Amin Abraham-Quiles lost his grandfather his freshman year of high school. Before he died, he told Amin to “always keep a smile on your face,” a quote that would shape the way he lived. Amin Abraham-Quiles, or “AQ the Singer,” is known throughout the Piedmont College campus for his fresh rhymes, great attitude and infectious smile. “I just want to keep everyone around me in good moods. I love seeing people with a smile on their face and I want everyone to be positive,” says Abraham-Quiles.
“Being motivating– that’s kind of my core message that I like to portray with my peers.”After completing his bachelor’s degree in Arts Administration, Abraham-Quiles returned to Piedmont to attain his master’s degree in business. He’s taken a job as the graduate assistant in the Mass Communication department.
“Amin is a firm yet understanding and chill. He’s always willing to work with people’s schedules and help them out,” says Olivia Morley, a senior mass communication major and student worker. “I feel like he’s made the mcom department more relaxed, especially among the student workers.”
He records “Friday Motivation,” a series of short videos via The Roar Instagram each week to inspire those around him, specifically the Mass Communication majors he helps every day in his job.
But his talent and motivation aren’t limited to Swanson Center office 109. For Abraham-Quiles’ capstone, he released the album “Life of the Afro Kid.” This album reflects on his life, his family, and the messages he wants to share. He began singing when he was just two years old, and his grandfather began to teach him musical skills at this young age.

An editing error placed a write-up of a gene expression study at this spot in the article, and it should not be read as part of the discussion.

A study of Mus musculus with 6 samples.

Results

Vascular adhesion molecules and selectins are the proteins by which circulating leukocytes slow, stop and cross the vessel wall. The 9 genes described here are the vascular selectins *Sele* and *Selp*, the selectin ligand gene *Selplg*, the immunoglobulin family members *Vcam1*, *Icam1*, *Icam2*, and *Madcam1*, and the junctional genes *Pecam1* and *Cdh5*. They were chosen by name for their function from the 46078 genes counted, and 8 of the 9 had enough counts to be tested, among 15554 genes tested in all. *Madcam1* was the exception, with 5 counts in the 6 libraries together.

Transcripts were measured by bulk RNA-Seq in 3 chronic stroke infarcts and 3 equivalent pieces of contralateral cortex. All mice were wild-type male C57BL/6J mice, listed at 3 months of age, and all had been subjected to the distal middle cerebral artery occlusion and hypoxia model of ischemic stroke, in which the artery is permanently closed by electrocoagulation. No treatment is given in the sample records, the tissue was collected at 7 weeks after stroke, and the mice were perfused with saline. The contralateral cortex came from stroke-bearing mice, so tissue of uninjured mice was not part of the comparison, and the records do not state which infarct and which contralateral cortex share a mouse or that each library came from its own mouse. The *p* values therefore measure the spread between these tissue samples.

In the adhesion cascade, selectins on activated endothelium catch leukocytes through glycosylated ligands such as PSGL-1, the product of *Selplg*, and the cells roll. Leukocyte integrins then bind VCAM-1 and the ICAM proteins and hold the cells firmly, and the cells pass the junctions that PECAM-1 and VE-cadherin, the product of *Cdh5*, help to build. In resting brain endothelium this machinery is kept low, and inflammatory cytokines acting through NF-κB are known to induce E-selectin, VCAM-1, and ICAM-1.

“I grew up around a lot of Carribean island people, so family was very important there. Family is everywhere. You have to love family, respect family, and learn from them. They’re wise– they have wisdom they can share with you.”
He comes from a Puerto Rican-Haitian background, where the music and family have influenced his life and sound. “I was really inspired by my family and my family’s culture. I really wanted to demonstrate that culture in my album.”
The process of creating “Life of Afro Kid” was unlike any other album. The entire album was recorded in Abraham-Quiles’ Ipswitch dorm, where he’d send his creations to his uncle in New Jersey for mixing. He says that the album was essentially produced through the Internet. This isn’t the only thing that sets the album apart from the average.“Whenever I record something I do it through freestyling… I make it up from my brain, I don’t write it down.” he says. “I just re-record and re-record until I hear the core message that I want to bring to the song.”
His album is full of different musical influences that make up who he is. “It was a very fusion-esque album that has all different things. It’s not just one genre.” He says. “You can listen to one song and think ‘oh, this is very pop-sounding,’ or another and think it’s very R&B sounding.” He says he wants his listeners to know his work is his when they hear it. “This is very Amin… You’re going to know. I’m introducing myself. It’s this journey that I’m putting you on.”
He decided to donate the album’s proceeds to the Alliance for African American Music in Northeast Georgia, the organization that funds the Lachicotte-Strickland Minority Scholarship. He calls the scholarship “a blessing,” it helped him pay for school in a way he didn’t see coming. “I decided that this album is going to give back to them.”
His charity doesn’t surprise Joe Dennis, chair of the mass communications department and Abraham-Quiles’ supervisor. “There’s a genuine good person behind that smile,” Dennis said. “I wish there were more Amins in the world.”